Effort to save giant mining shovel for museum fails
The world’s last operating stripping shovel will be sold for scrap after a group of citizens and public officials failed to raise enough money to preserve the massive machine for a coal mining heritage museum.
The 7,000-ton Silver Spade has sat dormant in rural Harrison County near Cadiz since April, after its rotating base was disabled. When the machinery’s owner, Upper St. Clair-based Consol Energy Inc., decided it was too costly to repair, the Harrison Coal and Reclamation Historical Park began a fund-raising campaign to save the Silver Spade.
Earlier this month, the group received the bad news from Consol. The company told the group the financial commitment from donations and pledges, coupled with the county’s agreement to maintain dozens of roads through Consol property, still would not be enough to offset the $2.5 million cost for reclamation of the property and the salvage cost of the Silver Spade, said Marilyn Monzula, secretary of the nonprofit group.
“It’s just so sad,” Ms. Monzula said. “The thing is, there will never be another one like [the Silver Spade]. It would have been important to preserve it for the future.”
The Silver Spade, taller than a 12-story building, was capable of digging 155 tons in one bite and had a top speed of one-quarter mile per hour.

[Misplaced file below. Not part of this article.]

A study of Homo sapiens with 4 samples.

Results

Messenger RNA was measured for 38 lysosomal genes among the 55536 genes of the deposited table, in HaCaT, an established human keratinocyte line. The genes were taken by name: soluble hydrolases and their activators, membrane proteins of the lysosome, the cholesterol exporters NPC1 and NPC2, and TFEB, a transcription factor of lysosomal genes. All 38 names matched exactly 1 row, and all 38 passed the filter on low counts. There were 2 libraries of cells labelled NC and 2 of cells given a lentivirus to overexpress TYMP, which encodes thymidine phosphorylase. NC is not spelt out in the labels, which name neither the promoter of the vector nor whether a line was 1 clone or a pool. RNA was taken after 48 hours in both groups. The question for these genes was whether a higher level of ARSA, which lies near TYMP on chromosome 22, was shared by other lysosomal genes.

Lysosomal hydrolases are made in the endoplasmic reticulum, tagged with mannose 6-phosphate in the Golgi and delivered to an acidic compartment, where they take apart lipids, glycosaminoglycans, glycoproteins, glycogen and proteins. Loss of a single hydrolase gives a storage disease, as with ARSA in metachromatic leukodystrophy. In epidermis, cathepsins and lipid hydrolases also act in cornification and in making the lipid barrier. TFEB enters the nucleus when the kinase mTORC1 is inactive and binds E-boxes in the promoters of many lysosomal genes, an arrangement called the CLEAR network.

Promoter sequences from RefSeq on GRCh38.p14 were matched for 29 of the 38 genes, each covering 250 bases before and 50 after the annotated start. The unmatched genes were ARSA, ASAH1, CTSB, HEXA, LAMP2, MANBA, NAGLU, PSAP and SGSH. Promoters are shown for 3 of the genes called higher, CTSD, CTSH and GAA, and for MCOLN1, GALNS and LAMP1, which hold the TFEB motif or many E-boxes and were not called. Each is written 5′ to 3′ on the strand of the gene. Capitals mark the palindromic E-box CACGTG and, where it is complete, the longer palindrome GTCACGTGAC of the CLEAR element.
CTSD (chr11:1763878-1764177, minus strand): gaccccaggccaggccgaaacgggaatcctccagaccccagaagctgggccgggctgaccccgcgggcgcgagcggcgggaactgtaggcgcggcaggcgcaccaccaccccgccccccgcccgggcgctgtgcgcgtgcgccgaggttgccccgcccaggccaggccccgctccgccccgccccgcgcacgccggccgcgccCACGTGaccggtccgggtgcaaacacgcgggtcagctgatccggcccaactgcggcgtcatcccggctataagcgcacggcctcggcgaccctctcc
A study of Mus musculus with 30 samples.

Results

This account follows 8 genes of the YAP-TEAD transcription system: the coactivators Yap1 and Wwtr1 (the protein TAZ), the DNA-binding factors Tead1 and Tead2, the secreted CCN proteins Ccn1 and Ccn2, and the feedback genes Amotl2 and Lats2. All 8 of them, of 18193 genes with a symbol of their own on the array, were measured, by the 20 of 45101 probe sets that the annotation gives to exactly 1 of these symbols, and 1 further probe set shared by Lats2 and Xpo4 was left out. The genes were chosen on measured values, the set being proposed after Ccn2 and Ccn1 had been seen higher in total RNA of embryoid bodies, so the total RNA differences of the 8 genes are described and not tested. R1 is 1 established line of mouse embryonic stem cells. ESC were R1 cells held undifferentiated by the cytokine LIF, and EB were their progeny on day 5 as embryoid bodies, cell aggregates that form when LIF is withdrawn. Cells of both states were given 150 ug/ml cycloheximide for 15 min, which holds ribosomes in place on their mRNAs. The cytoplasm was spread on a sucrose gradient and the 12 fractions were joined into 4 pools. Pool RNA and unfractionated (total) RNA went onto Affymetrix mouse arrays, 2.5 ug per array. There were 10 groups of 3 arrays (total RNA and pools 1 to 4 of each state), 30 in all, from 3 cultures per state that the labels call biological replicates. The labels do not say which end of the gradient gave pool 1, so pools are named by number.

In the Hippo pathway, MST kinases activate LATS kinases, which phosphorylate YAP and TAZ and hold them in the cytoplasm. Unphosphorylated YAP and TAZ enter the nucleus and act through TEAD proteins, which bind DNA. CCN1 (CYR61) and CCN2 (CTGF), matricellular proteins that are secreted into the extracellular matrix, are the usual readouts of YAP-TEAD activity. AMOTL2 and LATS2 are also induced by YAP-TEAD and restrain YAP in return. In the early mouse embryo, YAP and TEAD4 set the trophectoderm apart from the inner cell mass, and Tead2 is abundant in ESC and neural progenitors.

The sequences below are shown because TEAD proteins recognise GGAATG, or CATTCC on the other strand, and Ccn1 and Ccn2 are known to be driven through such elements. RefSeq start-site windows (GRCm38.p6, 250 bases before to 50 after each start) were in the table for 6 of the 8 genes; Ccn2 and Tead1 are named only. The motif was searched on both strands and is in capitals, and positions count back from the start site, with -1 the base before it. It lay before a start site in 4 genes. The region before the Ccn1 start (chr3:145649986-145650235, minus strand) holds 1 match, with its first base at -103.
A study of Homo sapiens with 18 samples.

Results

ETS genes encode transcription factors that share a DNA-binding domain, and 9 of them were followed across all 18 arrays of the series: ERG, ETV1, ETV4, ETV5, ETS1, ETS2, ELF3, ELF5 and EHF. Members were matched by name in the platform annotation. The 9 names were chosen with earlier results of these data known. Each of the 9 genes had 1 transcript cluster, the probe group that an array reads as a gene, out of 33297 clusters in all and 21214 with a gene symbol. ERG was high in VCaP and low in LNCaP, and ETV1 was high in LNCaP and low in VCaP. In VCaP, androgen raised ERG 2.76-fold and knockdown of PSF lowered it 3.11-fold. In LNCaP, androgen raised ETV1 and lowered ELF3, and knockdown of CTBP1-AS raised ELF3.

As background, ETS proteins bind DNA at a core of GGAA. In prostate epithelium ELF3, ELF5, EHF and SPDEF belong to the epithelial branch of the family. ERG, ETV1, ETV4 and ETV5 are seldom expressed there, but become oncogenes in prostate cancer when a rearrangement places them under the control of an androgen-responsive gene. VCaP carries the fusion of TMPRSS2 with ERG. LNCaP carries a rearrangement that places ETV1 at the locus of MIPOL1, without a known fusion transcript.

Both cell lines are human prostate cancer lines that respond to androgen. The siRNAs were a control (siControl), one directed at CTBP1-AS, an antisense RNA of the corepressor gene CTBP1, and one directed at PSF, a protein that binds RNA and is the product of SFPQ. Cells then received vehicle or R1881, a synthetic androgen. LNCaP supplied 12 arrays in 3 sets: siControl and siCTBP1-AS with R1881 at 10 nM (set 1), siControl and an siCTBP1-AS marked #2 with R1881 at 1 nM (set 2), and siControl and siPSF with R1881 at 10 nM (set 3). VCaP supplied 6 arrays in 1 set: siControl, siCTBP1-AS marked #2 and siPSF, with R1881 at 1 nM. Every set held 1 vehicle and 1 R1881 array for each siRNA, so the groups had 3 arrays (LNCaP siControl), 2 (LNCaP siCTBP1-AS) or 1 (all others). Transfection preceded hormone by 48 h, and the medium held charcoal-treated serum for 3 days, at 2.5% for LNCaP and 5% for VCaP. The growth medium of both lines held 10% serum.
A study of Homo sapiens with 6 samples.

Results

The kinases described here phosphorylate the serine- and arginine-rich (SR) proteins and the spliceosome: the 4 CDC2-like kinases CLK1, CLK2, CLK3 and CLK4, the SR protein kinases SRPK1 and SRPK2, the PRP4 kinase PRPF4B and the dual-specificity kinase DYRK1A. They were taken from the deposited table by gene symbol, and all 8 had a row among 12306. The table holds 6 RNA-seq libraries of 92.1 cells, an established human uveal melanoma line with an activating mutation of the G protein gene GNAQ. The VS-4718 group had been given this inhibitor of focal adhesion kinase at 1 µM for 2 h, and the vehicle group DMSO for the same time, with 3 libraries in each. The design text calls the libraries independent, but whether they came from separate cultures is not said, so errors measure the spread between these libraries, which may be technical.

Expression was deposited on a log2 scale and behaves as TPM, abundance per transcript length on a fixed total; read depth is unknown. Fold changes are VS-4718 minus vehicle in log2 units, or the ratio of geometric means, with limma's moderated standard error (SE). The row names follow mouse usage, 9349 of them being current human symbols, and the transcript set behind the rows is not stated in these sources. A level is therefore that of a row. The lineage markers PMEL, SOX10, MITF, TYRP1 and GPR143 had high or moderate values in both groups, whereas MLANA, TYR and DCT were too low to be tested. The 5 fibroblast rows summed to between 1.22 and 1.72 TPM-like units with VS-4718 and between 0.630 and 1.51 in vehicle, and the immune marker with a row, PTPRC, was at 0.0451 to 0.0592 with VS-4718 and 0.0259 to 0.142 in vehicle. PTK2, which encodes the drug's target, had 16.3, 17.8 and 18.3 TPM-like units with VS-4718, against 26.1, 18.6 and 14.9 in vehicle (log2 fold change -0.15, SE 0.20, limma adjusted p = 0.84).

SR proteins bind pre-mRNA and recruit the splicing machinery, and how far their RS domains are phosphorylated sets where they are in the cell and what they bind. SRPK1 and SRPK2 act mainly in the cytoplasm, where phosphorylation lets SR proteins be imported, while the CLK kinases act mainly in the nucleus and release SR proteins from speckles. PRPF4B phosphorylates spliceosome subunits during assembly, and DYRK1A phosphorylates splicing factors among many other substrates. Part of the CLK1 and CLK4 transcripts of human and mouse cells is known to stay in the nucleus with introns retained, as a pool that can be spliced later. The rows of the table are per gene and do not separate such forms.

The group hoped to raise $800,000 to cover the estimated salvage cost of the metal from the Silver Spade, but raised only a fraction of the goal. The bigger issue apparently was the prohibitive cost of reclaiming the land under the Silver Spade if the machinery remained intact and the area was used for the outdoor mining museum, Ms. Monzula said. Consol estimated the cost at $1.7 million.
In a statement, Consol spokesman Joe Cerenzia said the company has begun to dismantle the Silver Spade as the first step to reclaim the property at the shuttered Mahoning Valley Mine.
“Consol Energy acknowledges the hard work and dedication of county and association officials who tried diligently to acquire the Silver Spade,” Mr. Cerenzia said in the statement. “However, various circumstances prevented this from occurring. What we are left with are good memories of what the Silver Spade meant to the area and Consol Energy, most especially the generations of our employees who worked for the operations in eastern Ohio.”
The Silver Spade was one of two giant coal mining shovels of its type built by the Bucyrus Erie company for $6.5 million in the 1960s. It was the last stripping shovel in operation and the last remnant of the dozens of giant shovels built, including 37 by Bucyrus Erie.
Harrison County officials hoped to use the Silver Spade as the centerpiece of an outdoor coal mining museum that would also include large drag lines and other equipment now stored nearby. Consol has agreed to donate land to house the remaining equipment, along with the Silver Spade’s 105-cubic-yard bucket and operating controls, Ms. Monzula said.